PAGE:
To determine whether trabecular meshwork (TM) cells express functionally active ABC transporters. Recent evidence indicates that adenosine triphosphate (ATP)-binding cassette (ABC) transporter superfamily members respond to stressors such as hypoxia, cytokine signaling, increased pressure, mechanical stretch, and aging. The ABCB1 transporter (multidrug resistance protein (MDR) p-glycoprotein), expression and function are controlled by hyaluronic acid (HA) and the HA receptor CD44, both of which are altered in primary open angle glaucoma (POAG). Dysregulation of HA and CD44 interaction could result in decreased MDR activity and consequently increased cell vulnerability to stress.
The expression profile of ABCB1 transporter in ocular cells was determined using Affymetrix U133A chip gene array. A functional assay of MDR activity was developed in TM cells in culture that used calcein-AM, an excellent substrate for targeted exclusion by multi-drug transporters. If ABC transporters are active, the hydrophobic calcein-AM will be removed intact before it can be hydrolyzed. If these transporters are less active, calcein-AM is enzymatic cleaved by esterase, yielding a fluorescent calcein which was measured by confocal microscopy. In vitro, normal human TM cells were compared for their ability to accumulate and to release fluorescent calcein in the presence and absence of verapamil (calcium channel blocker) as a positive control and metabolic stress using 1 and 10 mM lactate.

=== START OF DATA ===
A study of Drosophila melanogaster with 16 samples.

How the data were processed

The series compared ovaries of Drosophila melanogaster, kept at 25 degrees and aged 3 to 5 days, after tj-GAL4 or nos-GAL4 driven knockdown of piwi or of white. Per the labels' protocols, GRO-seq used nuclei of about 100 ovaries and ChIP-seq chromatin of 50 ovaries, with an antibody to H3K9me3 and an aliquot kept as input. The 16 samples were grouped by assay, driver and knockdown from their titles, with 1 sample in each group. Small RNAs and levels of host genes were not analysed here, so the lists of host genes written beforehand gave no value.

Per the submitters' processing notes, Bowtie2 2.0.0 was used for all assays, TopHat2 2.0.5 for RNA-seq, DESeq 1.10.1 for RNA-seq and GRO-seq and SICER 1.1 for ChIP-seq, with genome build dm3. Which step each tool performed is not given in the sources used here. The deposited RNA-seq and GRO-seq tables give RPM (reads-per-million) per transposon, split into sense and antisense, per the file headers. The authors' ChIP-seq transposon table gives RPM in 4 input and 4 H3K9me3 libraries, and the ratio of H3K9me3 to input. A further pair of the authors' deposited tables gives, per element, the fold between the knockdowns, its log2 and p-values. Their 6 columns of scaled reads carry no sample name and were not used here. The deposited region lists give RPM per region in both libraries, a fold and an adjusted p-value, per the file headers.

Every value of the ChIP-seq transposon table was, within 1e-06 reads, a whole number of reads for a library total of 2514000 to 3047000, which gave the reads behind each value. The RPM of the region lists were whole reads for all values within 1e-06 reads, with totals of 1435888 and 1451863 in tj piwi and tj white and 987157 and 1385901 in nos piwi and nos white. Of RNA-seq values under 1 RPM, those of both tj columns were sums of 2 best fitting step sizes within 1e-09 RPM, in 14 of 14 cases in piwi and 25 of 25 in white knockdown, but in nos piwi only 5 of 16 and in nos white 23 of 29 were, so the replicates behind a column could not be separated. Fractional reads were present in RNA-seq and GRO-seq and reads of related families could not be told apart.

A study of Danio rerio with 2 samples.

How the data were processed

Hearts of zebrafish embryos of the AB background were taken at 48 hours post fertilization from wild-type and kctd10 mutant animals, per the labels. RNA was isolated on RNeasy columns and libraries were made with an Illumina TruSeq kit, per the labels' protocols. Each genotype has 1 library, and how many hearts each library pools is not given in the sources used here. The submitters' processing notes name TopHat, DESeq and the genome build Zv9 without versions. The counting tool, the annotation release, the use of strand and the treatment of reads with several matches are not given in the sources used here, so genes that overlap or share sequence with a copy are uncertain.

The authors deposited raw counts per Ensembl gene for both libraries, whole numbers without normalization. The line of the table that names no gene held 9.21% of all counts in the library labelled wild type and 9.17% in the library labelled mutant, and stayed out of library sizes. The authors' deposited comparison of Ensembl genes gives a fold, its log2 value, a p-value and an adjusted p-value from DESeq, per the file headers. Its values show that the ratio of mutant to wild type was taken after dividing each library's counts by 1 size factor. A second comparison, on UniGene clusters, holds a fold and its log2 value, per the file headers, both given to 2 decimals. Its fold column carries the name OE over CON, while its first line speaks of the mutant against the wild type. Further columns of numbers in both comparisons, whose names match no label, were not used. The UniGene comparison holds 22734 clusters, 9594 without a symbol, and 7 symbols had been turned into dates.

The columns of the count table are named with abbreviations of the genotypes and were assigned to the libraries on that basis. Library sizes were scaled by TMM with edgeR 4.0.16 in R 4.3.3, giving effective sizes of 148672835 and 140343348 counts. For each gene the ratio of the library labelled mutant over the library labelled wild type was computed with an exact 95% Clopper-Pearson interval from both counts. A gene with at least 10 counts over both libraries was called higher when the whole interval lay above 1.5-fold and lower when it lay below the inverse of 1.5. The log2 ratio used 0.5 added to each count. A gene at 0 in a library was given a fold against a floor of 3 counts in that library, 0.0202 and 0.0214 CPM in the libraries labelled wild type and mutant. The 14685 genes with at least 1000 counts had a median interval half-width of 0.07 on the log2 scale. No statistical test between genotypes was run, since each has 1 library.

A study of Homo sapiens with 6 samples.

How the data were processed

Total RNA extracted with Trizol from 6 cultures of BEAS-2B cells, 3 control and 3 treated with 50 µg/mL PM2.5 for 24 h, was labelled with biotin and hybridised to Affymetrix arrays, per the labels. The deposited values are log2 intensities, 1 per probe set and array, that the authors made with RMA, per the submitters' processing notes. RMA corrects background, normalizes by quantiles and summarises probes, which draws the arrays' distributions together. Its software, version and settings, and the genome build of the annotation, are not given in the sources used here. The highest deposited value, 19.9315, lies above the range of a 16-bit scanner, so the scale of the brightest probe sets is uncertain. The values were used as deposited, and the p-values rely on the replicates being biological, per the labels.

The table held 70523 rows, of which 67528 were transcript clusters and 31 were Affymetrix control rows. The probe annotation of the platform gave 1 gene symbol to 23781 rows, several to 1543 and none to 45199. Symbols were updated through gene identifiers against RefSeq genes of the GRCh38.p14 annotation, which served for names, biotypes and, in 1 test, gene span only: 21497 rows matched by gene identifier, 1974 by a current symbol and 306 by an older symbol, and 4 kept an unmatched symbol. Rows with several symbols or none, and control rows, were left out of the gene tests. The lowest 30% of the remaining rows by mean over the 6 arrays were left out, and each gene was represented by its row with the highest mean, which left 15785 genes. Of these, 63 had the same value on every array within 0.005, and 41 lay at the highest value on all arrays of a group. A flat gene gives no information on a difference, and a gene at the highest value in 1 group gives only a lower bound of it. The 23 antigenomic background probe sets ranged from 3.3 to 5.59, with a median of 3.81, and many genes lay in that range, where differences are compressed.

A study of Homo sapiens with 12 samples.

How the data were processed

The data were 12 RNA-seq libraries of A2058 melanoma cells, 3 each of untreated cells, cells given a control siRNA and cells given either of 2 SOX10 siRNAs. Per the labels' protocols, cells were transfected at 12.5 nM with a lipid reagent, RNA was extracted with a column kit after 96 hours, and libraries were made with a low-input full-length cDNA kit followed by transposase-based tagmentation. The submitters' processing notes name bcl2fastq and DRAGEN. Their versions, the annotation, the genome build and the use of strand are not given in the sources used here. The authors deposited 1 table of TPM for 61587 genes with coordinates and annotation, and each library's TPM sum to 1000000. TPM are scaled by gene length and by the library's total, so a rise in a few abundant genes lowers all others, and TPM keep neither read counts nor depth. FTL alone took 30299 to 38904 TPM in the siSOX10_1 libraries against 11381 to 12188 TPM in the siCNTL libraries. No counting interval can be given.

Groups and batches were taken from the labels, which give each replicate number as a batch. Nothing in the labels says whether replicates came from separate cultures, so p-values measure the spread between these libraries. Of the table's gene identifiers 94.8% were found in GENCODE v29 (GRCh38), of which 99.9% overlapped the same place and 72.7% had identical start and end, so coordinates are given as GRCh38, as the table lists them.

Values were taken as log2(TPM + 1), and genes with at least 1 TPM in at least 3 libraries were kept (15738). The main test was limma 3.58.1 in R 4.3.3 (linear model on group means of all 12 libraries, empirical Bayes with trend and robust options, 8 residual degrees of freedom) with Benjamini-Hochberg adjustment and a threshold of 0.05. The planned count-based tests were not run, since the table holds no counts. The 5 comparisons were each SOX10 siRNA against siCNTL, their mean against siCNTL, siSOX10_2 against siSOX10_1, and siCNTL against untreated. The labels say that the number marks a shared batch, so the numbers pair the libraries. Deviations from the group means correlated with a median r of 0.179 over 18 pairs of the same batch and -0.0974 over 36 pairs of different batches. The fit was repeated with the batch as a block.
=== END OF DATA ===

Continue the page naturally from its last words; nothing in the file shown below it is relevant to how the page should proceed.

ABC transporter genes ABCB1, ABCA6, ABCA8, ABCA2, ABCF2, and ABCA5 were all flagged as present in TM tissue by Affymterix microarray analysis. ABCF2 maps to 7q36 which is in the published glaucoma loci GLC1F (7q35-36). In the MDR functional assay, both verapamil and lactate treatment reduced calcein release indicating that MDR activity in TM cells is responsive to stress.
Several ABC transporter gene transcripts are expressed in TM tissue, suggesting that MDR activity may be present. Calcein-AM functional assay of MDR showed that TM cells incorporate calcein-AM, and MDR activity is inhibited by metabolic stress. These results support our hypothesis that MDR is expressed in cells relevant to the POAG disease process and abnormal stress may lead to decreased MDR activity and TM cell dysfunction in POAG. Expression of ABCF2 in the TM and localization of the gene to the GLC1F locus suggests that ABCF2 may be a glaucoma candidate gene.